A brand, a product range : The appeal, the Endorser


A few days ago I was very delighted to buy Patanjali Hing from a Pakistani store in Hong Kong.

There was a sense of Indian triumph for ‘Made in India’. Staying away from the motherland I am always at my patriotic best. I am and was in awe although Patanjali is not my kind of a brand. What I mean is I won’t go out of my way to buy the products.

Just the day before, I stumbled upon Patanjali Atta Noodles in a different online Pakistani shop. I was very interested to try the product so added in the list. I usually add products over the week before I check out. When I told my friend, philosopher and guide about it he scornfully ridiculed me and asked me not to buy such products.

Right now I checked their website, and ohh my …

There might be ‘customers’ who use these products and will vouch for the brand. And I can understand their preference for the oils and the dhoops, but why on earth should this company / organisation get into making noodles. What is the endorser’s service to humanity for promoting such fallacies?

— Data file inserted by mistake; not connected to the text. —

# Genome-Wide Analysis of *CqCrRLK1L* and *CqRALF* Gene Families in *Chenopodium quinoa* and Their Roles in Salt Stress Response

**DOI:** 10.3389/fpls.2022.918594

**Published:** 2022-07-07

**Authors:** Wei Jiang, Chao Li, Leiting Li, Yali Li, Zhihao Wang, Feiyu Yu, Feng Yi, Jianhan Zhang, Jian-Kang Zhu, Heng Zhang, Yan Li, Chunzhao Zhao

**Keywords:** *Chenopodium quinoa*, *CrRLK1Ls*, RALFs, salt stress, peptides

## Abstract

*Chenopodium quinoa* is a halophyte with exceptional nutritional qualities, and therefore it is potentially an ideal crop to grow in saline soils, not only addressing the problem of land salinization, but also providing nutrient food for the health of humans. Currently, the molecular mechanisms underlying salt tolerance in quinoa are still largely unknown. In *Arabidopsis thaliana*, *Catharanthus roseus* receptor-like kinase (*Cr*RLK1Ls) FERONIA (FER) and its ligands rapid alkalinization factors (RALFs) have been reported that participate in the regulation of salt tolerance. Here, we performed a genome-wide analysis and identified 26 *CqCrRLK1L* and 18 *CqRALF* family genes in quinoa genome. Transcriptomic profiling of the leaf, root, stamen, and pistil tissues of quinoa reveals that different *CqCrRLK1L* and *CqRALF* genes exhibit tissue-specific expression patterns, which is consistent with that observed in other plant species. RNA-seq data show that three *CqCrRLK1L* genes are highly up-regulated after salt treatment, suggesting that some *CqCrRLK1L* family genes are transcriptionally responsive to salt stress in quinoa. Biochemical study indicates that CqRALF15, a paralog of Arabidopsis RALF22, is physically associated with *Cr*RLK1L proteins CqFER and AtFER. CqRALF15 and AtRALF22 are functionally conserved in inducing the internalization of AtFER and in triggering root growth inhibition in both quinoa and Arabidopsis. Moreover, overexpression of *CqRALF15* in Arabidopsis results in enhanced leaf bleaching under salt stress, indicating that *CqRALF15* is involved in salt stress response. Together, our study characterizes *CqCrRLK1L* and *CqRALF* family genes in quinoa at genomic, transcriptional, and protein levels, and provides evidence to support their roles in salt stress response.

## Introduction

How on earth, eating atta noodles healthier than eating plain dal chawaal?

Marketing gimmick of getting into the market when the competitor is low (Maggi fiasco) might cost a lot to the brand.

A brand has an appeal and hence the choice of product range. The endorser has an image that too should reflect on the product range. In this case the endorser is also the owner of the brand. God bless the complications.

I find it quite gross that Patanjali also has a beauty products. Come on now! Baba Ramdev and beauty ???

Something is seriously wrong…but surely not with me.